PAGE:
Eielson F-35A arrives for testing

The F-35A Lightning II fighter aircraft lands at Eielson Air Force Base, Alaska.

A U.S. Air Force F-35A Lightning II fighter aircraft lands on the flight line at Eielson Air Force Base, Alaska, Oct. 12, 2017. The F-35 is here to conduct cold weather testing to ensure the fifth generation multi-role fighter aircraft performs optimally in Alaska's harsh weather conditions. (U.S. Air Force photo by Airman 1st Class Eric M. Fisher)

Col. David Mineau is shown the F-35A Lightning II cockpit after it landed for the first time at Eielson Air Force Base, Alaska.

U.S. Air Force Col. David Mineau, the 354th Fighter Wing commander, sits in the cockpit of an F-35A while Norwegian Major "Taz" Amdal, Project Test Pilot for F-35 Drag Chute Program, tells him about controls at Eielson Air Force Base, Alaska, Oct. 12, 2017. The F-35A is here to conduct cold weather testing to ensure the fifth generation multi-role fighter aircraft runs at peak performance for its scheduled 2020 arrival. (U.S. Air Force photo by Airman 1st Class Isaac Johnson)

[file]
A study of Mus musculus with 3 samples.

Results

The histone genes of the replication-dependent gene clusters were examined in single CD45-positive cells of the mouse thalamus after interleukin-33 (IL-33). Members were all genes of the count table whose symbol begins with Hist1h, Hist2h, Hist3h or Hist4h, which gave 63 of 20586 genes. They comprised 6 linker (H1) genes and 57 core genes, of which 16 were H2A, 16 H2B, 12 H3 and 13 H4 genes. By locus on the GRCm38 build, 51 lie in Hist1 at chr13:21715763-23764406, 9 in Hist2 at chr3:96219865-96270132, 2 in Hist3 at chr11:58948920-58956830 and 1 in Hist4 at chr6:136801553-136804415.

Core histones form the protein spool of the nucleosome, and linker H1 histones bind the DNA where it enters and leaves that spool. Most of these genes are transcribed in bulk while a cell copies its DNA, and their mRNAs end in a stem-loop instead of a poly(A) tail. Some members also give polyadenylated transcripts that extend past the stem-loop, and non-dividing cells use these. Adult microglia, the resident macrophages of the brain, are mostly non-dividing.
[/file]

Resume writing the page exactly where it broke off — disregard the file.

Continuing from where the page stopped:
EIELSON AIR FORCE BASE, Alaska --

An F-35A Lightning II landed at Eielson AFB Oct 12 to participate in testing several aspects of the fifth-generation fighter aircraft.

This test’s purpose has two major outcomes: certifying the Norwegian drag-chute and demonstrating that the entire fleet of F-35As are capable of landing at a runway condition reading (RCR) of 7.

The RCR scale is based on how wet and dry each runway is. A RCR 23 is considered a dry runway while an RCR 5 is compared to landing on ice.

“The F-35A is currently certified to land at an RCR of 12,” said Capt. Daniel Campbell, the 354th Fighter Wing F-35 PIO director of mission support. “This test is important to the base because it will help certify the F-35A to operate at an RCR of 7. The 354th Civil Engineer Squadron and 354th Operations Support Squadron try to keep our runway at an RCR of 12 or better during the harsh winters, but often are below that. We need the lower RCR certification to ensure the F-35A can operate throughout our winters.”

In April 2016, it was officially announced the base was scheduled to receive two squadrons of F-35As as well as approximately 3,500 Airmen, contractors and their families. Construction began in early 2017 for projects regarding the F-35As arrival.

According to Kevin Blanchard, the 354th FW F-35 PIO director, a contract for a propulsion maintenance hangar, additions to the maintenance field training detachment, and several other projects have been awarded to various companies.

Eielson will continue to prepare for the 2020 arrival of the F-35As while still completing the primary mission of prepare, deploy and enable. As always, the Icemen Team will remain “Ready to go at 50 below!”